China to crack down on price fixingChina’s pricing regulator says it will crack down on price manipulation in agricultural products to help protect low-income citizens, widening its probe on antitrust violations that has targeted some well-known global firms.
SHANGHAI — China’s pricing regulator says it will crack down on price manipulation in agricultural products to help protect low-income citizens, widening its probe on antitrust violations that has targeted some well-known global firms.
The National Development and Reform Commission says it will look into pork, fertilizer, cotton, vegetable oil and sugar — all commodities with a disproportionate impact on low-income people in China.
The agency would strengthen price subsidy mechanisms to ameliorate the impact of rising product prices on poor people, it adds.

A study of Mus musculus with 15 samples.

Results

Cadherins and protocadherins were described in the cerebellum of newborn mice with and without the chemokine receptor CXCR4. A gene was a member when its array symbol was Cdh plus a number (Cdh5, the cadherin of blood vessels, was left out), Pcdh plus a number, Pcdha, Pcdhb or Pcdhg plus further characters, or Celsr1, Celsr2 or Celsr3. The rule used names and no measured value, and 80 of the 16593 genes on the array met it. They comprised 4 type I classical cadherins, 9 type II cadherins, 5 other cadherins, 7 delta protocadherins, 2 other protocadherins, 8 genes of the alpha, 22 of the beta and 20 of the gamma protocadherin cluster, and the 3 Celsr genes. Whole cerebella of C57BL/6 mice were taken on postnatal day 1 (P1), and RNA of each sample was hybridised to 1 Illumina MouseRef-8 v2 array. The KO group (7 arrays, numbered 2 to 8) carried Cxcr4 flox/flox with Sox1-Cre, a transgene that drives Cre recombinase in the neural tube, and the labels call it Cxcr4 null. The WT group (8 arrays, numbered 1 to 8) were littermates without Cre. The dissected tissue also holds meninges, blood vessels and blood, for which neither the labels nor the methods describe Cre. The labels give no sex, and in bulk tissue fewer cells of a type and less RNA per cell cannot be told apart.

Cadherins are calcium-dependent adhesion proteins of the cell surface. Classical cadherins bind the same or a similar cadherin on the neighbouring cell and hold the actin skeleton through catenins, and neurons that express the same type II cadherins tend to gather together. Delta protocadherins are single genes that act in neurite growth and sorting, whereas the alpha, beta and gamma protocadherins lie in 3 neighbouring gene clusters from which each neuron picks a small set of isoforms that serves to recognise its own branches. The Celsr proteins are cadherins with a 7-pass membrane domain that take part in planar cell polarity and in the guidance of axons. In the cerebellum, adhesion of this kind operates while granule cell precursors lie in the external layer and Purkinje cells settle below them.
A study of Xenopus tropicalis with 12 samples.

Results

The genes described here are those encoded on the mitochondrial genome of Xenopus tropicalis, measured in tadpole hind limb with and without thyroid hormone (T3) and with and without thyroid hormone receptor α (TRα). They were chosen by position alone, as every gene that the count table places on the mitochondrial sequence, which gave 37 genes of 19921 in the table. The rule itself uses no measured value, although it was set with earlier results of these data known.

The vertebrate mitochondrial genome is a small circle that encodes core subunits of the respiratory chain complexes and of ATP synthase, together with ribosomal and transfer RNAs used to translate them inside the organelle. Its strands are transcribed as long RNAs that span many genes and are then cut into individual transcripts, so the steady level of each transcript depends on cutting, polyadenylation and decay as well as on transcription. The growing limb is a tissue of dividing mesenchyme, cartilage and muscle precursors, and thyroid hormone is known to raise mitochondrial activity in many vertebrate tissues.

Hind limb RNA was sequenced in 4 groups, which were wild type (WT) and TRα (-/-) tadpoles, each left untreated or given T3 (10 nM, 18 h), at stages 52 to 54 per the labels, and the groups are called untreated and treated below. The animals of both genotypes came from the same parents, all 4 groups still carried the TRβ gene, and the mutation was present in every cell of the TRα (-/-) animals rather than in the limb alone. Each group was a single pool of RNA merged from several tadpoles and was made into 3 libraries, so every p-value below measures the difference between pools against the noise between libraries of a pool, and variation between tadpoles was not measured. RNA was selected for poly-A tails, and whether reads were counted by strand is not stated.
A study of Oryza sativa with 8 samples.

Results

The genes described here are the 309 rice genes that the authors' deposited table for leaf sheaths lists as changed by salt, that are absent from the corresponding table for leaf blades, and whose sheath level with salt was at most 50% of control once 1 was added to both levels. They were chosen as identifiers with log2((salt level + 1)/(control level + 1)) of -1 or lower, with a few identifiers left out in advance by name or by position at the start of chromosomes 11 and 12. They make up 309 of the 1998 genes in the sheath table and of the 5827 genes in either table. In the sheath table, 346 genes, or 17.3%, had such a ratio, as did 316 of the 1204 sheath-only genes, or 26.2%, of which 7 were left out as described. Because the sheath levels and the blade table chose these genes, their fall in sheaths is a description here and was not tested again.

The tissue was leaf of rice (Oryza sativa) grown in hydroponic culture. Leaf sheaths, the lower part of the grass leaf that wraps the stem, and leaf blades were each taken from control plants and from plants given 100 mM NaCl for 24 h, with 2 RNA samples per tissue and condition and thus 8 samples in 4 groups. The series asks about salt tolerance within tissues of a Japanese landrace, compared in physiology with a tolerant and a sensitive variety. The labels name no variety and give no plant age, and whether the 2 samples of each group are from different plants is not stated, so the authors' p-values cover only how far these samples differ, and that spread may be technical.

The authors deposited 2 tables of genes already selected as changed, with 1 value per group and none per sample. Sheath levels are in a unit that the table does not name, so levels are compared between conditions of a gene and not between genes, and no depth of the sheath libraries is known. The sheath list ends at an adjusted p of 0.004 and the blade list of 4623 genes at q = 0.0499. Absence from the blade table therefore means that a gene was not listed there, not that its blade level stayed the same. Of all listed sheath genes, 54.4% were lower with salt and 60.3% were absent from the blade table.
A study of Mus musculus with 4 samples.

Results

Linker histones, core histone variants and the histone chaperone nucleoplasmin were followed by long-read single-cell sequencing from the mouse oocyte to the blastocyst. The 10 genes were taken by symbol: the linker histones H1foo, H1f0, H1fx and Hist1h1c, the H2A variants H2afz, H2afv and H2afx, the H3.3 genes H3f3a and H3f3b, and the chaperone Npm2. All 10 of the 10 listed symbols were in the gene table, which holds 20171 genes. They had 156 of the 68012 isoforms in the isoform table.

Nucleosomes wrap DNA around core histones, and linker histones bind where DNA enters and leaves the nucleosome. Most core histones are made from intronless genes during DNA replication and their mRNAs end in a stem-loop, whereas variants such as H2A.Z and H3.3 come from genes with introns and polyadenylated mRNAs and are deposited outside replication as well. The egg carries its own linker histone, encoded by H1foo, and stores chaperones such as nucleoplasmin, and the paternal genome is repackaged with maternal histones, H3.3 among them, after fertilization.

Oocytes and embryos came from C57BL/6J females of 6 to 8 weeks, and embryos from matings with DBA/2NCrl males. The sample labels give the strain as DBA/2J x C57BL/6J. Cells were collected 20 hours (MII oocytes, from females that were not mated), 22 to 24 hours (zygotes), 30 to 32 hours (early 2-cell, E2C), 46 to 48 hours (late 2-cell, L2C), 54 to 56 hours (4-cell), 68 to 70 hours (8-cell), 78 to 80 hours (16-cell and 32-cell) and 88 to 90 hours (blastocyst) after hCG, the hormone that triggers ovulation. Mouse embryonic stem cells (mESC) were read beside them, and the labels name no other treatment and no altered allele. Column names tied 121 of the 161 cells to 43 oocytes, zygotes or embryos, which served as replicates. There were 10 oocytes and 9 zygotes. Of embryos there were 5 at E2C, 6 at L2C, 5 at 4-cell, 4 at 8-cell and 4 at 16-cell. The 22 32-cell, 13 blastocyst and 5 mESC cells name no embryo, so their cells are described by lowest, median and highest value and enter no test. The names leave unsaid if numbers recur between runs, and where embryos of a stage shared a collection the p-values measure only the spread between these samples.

China is trying to restructure the economy so growth is driven by consumption and antitrust agencies say they will target industries where practices could lead to “unreasonably” high consumer prices.
The NDRC has been stepping up its anti-monopoly enforcement through the past several months. The NDRC handed down record fines in August to six milk powder companies, including Mead Johnson Nutrition Co., and has also punished domestic jewelers for antitrust violations.
The regulator says it will focus on six sectors — aerospace, chemicals, automobiles, telecommunications, pharmaceuticals and home appliances.
Recently, state media quoted NDRC official Xu Kunlin saying the agency has “substantial evidence” against chipmaker Qualcomm Inc. in an antitrust probe.
Xu was also quoted as saying the agency would add at least 170 people to its price-fixing enforcement teams as it redoubles efforts to tame anti-competitive behavior in major industries, including the automotive sector.